United Kingdom: The Long Arm of UK Employment Laws
Whether or not an expatriate employee continues to have recourse to UK employment rights continues to generate court interest.
The test is a rather subjective – whether or not the employee continues to have a sufficiently strong connection with the UK. As such, it is very much subject to the interpretation of the courts in any one case.
The leading case on the matter is Lawson v. Serco where Lord Hoffman stated that the territorial reach of UK employment laws would be unusual and volunteered that it may well apply when an employee is posed abroad by their employer for the purposes of business carried out in the UK.
A recent case heard by the Employment Appeals Tribunal (EAT) adds further color to the issue. In Lodge v Dignity & Choice in Dying, Mrs. Lodge, an Australian citizen, was employed by a UK not-for-profit charity under an employment contract governed by the laws of England and Wales. She worked in central London for the charity, and occasionally worked from home in West London. A few months after her initial appointment she moved to Australia to look after her mother and requested that she continue her employment. She continued to work for the charity for a number of years from her home in Australia until she resigned claiming constructive dismissal connected to an act of whistleblowing. Mrs. Lodge made the claim under UK law.
The initial employment tribunal considered that the expatriate test laid out by Lord Hoffman did not apply in Mrs Lodge’s case because it was her choice to move to Australia and there was not a particular strong connection with the UK following her exit.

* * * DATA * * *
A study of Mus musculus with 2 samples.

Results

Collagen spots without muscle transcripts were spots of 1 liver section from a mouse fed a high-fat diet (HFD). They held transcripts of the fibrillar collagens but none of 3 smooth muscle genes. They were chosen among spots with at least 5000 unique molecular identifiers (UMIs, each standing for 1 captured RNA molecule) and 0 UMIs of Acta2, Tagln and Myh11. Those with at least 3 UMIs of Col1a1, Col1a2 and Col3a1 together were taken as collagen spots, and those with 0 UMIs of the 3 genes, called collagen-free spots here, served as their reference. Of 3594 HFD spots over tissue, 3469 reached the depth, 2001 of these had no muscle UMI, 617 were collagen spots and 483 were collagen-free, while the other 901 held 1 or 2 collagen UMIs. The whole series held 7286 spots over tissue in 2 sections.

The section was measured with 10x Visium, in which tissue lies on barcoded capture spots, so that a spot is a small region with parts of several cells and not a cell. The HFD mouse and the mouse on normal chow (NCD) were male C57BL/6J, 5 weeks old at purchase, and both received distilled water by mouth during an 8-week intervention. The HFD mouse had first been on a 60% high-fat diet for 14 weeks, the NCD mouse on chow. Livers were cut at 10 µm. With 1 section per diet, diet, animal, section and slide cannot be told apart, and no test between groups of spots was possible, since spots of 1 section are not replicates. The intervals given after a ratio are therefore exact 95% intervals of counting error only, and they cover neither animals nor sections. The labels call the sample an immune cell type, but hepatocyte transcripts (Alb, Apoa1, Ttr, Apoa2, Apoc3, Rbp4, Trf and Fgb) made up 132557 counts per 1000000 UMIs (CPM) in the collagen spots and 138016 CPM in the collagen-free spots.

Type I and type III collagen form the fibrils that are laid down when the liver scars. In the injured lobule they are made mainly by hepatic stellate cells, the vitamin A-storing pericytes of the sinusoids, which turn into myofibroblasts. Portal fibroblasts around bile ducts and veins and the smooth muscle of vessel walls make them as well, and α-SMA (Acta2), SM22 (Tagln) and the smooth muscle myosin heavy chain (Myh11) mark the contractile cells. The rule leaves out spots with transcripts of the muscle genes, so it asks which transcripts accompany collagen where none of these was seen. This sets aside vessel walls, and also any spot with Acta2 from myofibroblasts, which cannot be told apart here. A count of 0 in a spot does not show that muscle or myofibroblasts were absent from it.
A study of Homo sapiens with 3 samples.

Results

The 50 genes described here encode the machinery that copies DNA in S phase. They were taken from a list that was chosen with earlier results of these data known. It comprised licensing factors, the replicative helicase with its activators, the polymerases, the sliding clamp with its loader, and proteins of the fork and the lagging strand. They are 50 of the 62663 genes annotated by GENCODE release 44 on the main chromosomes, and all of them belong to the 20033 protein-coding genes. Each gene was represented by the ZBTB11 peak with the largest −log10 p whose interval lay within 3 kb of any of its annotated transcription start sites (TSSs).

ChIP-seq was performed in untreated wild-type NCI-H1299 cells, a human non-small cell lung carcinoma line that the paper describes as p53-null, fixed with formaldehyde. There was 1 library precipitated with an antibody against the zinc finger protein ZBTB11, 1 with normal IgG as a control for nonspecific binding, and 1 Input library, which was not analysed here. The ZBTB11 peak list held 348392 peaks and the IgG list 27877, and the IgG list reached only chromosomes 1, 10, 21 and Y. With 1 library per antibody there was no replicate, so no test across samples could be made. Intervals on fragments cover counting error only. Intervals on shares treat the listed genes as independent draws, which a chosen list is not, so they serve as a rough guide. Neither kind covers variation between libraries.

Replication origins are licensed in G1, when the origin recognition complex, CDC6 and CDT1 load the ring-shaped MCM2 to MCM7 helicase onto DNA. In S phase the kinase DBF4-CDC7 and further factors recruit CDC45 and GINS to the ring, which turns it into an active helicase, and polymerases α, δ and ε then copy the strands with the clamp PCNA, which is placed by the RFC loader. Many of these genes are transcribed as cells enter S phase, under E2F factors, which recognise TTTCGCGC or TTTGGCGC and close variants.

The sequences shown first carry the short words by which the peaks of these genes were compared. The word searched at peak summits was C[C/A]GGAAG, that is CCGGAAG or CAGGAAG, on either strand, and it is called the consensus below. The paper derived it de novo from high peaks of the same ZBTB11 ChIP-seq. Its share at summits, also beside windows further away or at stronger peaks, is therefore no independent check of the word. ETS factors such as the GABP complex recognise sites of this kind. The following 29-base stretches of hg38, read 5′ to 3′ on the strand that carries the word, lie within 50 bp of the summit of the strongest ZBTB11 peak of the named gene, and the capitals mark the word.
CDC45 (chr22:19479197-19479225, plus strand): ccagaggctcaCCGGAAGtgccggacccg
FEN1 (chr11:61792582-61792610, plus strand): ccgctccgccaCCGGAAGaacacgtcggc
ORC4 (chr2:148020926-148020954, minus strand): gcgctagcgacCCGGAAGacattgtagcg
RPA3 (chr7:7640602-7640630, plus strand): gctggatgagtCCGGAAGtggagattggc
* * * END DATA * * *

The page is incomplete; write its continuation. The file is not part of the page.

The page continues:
On appeal, the EAT disagreed claiming that a move instigated by the employee rather than the employer is irrelevant and that there was an ongoing strong connection with the UK throughout her time in Australia. The EAT took into account that she could not pursue a similar claim in Australia, the fact that the original grievance was held in London, and also all of her work was done for the benefit of the London operations of the charity.
The case is interesting because as we have all witnessed, technology has altered the dynamics of the world’s workforce and made remote working a real option for many employees. Businesses are often presented with requests from employees to allow them to work in other countries and yet continue to serve that part of the business they have just vacated. On the basis of this recent case, requests from your UK employees should be reviewed with care.